Tuesday, February 21, 2012

The Greener Grass

Very recently I came across a father of a child with autism who enquired about the program I lead in Brooklyn.  That enquiry led to the discovery of his heartfelt blog, his personal journey as a father with an autistic child.  I went through several entries and admired his courage to be so open.

I knew one day I would have to write about this and so, after reading this father's blog, I have decided to talk about my only son, the love of my life.  My Aaron, my prince.

People often ask how we do it with Aaron.  The numerous drops of blood taken multiple times a day to check his sugar, the interrupted sleeps to make sure he's stable, night after night, every night for the last seven and a half years, in fact.  Some well wishers muse in the middle of manual injections and sigh, "I could never do what you guys do."  Then the shaking of the head.  "I don't know how you do guys do it.  I would never be able to do it."

As though in life, we're always handed a choice.  As though we had a chance to say, "No thanks, God.  I would never be able to do it.  Hand the child to someone else who can."

The truth is, life threw a curve ball and we've been swinging ever since.  If swinging is what it takes to keep the child we've been handed, then swing away is what we'll do.

When Aaron was diagnosed with Juvenile Type I Diabetes at barely two years old the nurse in the ER scolded  me when my chin trembled and I began to cry.  The needles and the beeping noises and the hustle and bustle of the emergency room were enough to make a grown up anxious, let alone a toddler.  She advised me to compose myself and smile at my boy and so, I did.  My often stoic husband collapsed on Aaron's bedside and he started to weep after I told him Aaron had diabetes. I told him gently to collect himself.

I never really cried over this unwanted life sentence.  I had been teary, a little sniffly at times in the beginning but I never really gave it the good cry it deserved.  Two years ago, however, I watched the Biggest Loser alone, in the dark, with no one else in the house.  A twelve year old boy with Type II Diabetes had lost weight and the Diabetes shed away with the pounds.  I looked at that boy with utter disdain.  The putrid taste of resentment settled in my mouth.  "You ate and ate," I said at the television.  "That's why you became a diabetic!"

And then, just like that, the angry tears flowed and then the anger, eventually, turned to agony.  And finally, after many years, I sobbed.  Aaron's pancreas had been destroyed by an autoimmune disease, not because he overate the sickness into his body.  He can't shed the diabetes simply by self-control and dieting.  He had nothing to do with bringing the disease into his life.  Life just dealt his little tiny body a bad blow and neither he nor us, his parents, had a choice or a say in the matter. I suppose I had been angry for a long time but I didn't know who to direct that anger to.  For the moment, the 12-year-old triumphant boy seemed a fair target.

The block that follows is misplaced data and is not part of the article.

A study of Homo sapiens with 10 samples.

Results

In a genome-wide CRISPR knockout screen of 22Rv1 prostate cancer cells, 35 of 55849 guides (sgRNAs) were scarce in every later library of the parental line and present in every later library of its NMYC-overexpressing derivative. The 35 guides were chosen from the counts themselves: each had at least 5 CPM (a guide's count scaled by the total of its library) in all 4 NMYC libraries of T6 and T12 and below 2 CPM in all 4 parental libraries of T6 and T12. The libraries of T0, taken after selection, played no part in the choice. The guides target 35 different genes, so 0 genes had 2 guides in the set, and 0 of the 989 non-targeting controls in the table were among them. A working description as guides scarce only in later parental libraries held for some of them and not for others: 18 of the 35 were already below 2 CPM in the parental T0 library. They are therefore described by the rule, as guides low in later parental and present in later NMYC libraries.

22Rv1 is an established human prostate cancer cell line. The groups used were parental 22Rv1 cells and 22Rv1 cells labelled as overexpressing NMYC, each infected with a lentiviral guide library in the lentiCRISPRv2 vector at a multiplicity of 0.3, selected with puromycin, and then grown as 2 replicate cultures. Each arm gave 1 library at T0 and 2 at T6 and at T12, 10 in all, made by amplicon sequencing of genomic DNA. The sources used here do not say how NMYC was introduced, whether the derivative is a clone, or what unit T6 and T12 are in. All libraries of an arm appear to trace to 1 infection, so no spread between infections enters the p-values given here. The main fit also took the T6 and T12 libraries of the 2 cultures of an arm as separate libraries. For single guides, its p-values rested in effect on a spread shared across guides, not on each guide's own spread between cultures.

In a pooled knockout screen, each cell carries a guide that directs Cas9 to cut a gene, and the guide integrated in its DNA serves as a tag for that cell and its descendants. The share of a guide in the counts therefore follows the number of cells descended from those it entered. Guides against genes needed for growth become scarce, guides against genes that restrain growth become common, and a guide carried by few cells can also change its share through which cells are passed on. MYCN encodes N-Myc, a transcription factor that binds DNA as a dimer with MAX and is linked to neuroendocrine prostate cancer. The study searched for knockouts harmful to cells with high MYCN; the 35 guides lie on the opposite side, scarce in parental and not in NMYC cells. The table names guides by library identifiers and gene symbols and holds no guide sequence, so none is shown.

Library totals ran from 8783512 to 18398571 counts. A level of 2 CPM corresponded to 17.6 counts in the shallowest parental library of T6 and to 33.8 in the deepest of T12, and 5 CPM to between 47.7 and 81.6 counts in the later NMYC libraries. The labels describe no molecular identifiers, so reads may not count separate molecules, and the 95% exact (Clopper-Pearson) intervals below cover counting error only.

There has been numerous hospital trips since that first ER visit and the occurrence of hyper and hypo glycemia has become a normal part of our lives.  And really, the finger sticks, the insulin shots, and the scampering for some sweets to keep Aaron from bottoming out and possibly seizing, are so engraved in our daily schedule that people's pity often confuse us.  Aaron's diabetes has become nothing more than a hiccup at this point.  He is, to both me and my husband and I'm sure his baby sister, anything and everything that is healthy and normal.

I think for years I did not give myself permission to be sad because when Aaron became sick I was a Peds nurse to a bedridden little boy who breathed through a trach and whose chance of any normalcy was nonexistent.  I thought, I have the greener grass.  I have no right to be heavy hearted.

And because our steps are always ordered by God, I eventually became a teacher to children with special needs, many with varying disabilities, from minor to severe, and I found multiple reasons to be grateful.

I continue to pray diligently for a cure but I think after that good cry a certain level of acceptance brought a sense of wholeness that had been absent in my heart for a long time. Our grass may never be greener to someone else but if good health means not having Aaron, then I'll take the diabetes any day.  Really, it's made Aaron who he is: uniquely compassionate, always saying prayers for the poor, and befriending the friendless.

I'll never forget what the mother of that little boy I treated said after Aaron was diagnosed.  "Ana, I have to give it to you.  I can't do what you do for your son.  I don't have the stomach for needles."  I remember looking at my patient, his bedridden little body, and being very dumbfounded.  For that mom, incredibly, her grass was greener.

I've met numerous parents since whose lives seemed marred by the presence of extreme disabilities and you could tell just by looking at them that while they hoped for better, they never wished to live on the other side of the fence.  Just like that father who blogs about his little boy, I know the challenges of fighting through a disease and waiting for either a miracle or a cure but just like him, I also know what it's like not to want a child different from my own.

You see, the grass on my lawn may not be the greenest but it is home and to me, no other place would do.